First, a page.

Washington, United States – Elon Musk’s shock offer to buy Twitter drew immediate fears Thursday – and some cheers – over putting the platform in the hands of a mercurial billionaire who advocates fewer limits on what people can post.
Tech watchers reacted to the Tesla chief’s proposal for one of the world’s most influential information exchanges with immediate worries about accountability, public discourse and even how it could impact democracy.
“Twitter is too important to be owned and controlled by a single person,” tweeted venture capitalist Fred Wilson. “The opposite should be happening. Twitter should be decentralized.”
However, the $43 billion pitch faces uncertainty on several fronts, including potential board or shareholder resistance, as well as lack of information on how Musk would actually fund the all-cash offer.
Saudi Prince Alwaleed bin Talal has already come out against the proposal, saying it’s too low, drawing a sharp reply from Musk questioning Saudi Arabia’s “views on journalistic freedom of speech.”
Still, Musk provided some detail Thursday on his vision, saying he’d like to lift the veil on the algorithm that runs on the platform, even allowing people to look through it and suggest changes.
He also reiterated his stance favoring a more hands-off approach to policing the platform’s content, a thorny matter that has fueled criticism of Twitter, especially for the highest-profile instances of violations of its terms of service.
Donald Trump’s critics had long called for him to be kicked off the site, yet his supporters then voiced their outrage after he was barred over worries his tweets could spur violence.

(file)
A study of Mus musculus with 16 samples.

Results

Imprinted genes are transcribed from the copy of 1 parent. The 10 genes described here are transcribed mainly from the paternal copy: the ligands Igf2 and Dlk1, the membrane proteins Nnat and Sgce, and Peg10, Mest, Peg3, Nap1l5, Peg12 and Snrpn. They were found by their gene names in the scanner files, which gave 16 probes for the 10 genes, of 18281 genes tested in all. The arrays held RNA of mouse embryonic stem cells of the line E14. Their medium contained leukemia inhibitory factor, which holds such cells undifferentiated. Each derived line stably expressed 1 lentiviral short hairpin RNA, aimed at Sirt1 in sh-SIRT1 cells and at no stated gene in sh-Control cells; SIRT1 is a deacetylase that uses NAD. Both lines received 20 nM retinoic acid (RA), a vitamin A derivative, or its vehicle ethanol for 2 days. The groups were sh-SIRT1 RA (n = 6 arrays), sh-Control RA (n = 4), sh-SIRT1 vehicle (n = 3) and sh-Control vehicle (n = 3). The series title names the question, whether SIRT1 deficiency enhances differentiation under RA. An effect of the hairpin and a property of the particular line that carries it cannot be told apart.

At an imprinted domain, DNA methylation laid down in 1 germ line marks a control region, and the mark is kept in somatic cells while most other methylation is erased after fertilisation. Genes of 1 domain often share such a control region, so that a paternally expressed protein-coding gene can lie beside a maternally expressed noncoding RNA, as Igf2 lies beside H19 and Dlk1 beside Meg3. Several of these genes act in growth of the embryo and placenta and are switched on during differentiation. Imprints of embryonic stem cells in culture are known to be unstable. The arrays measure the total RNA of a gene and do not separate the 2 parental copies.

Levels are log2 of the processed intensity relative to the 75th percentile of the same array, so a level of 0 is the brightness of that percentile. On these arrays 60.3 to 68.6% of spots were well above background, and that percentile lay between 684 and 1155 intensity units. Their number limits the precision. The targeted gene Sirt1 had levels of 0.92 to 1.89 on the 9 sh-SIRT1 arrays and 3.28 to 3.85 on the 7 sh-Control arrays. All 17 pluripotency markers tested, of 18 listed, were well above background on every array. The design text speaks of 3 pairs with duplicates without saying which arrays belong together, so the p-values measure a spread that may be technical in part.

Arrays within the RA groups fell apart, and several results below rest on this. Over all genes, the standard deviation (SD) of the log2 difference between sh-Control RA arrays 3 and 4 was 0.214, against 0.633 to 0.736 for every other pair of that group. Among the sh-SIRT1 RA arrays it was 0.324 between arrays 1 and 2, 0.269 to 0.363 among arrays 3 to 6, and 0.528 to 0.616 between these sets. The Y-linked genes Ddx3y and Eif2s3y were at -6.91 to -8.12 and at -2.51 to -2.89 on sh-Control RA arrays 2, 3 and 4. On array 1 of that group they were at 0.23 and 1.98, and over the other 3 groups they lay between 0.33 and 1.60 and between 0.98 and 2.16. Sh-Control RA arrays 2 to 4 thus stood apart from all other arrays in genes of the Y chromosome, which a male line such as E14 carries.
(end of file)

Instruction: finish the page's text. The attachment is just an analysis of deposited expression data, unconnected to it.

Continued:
“I do think that we want to be just very reluctant to delete things and just be very cautious with permanent bans. Timeouts, I think are better,” Musk told a conference on Thursday, without addressing Trump directly.
“I think we want to really have, like a sort of obsession and reality, that speech is as free as reasonably possible,” he added.
– ‘Sounds ridiculous’ –
Critics argued that free speech absolutism on social media can be very messy in the real world.
“I am frightened by the impact on society and politics if Elon Musk acquires Twitter,” tweeted Max Boot, a Washington Post columnist.
“He seems to believe that on social media anything goes. For democracy to survive, we need more content moderation, not less,” Boot added.
Yet supporters of Musk’s hostile takeover bid came to the exact opposite conclusion, welcoming the prospect.
“This is the best news for free speech in years!” tweeted Nigel Farage, a populist British politician who helped lead the campaign for Brexit.
American conservatives like Senator Ted Cruz also voiced their backing for less moderation.
“If the left thinks they’re right, why are they so terrified of free speech?” he tweeted in reply to Boot’s criticism.
Yet both left and right of the political spectrum in the United States have been skeptical of the power concentrated in the hands of social media platforms and their lack of accountability.
US national lawmakers have been deadlocked for so long over how to regulate Big Tech that individual states have launched their own rules, probes and lawsuits.
“Twitter as a private company just reduces the little public accountability social media have as fiduciaries to the public,” tweeted Maya Zehavi, a tech entrepreneur.
Facebook’s parent firm Meta is public, but founder Mark Zuckerberg has effective control over the company because of the shares he owns.
Critics have repeatedly argued that a barrier to Facebook evolving past its reputation as a troubled but profitable social network is the ability for its head to remain in power.
The idea of taking Twitter, which is currently publicly owned, toward a structure that would concentrate power in Musk’s hands struck some as contradictory.
It has been called the world’s town square for the exchange of ideas, and thus a place where the right to speak is primary.
“‘I have to buy and take the public square private in order to save it!’ Try saying it out loud. It sounds ridiculous,” tweeted Renee DiResta, technical research manager at Stanford Internet Observatory.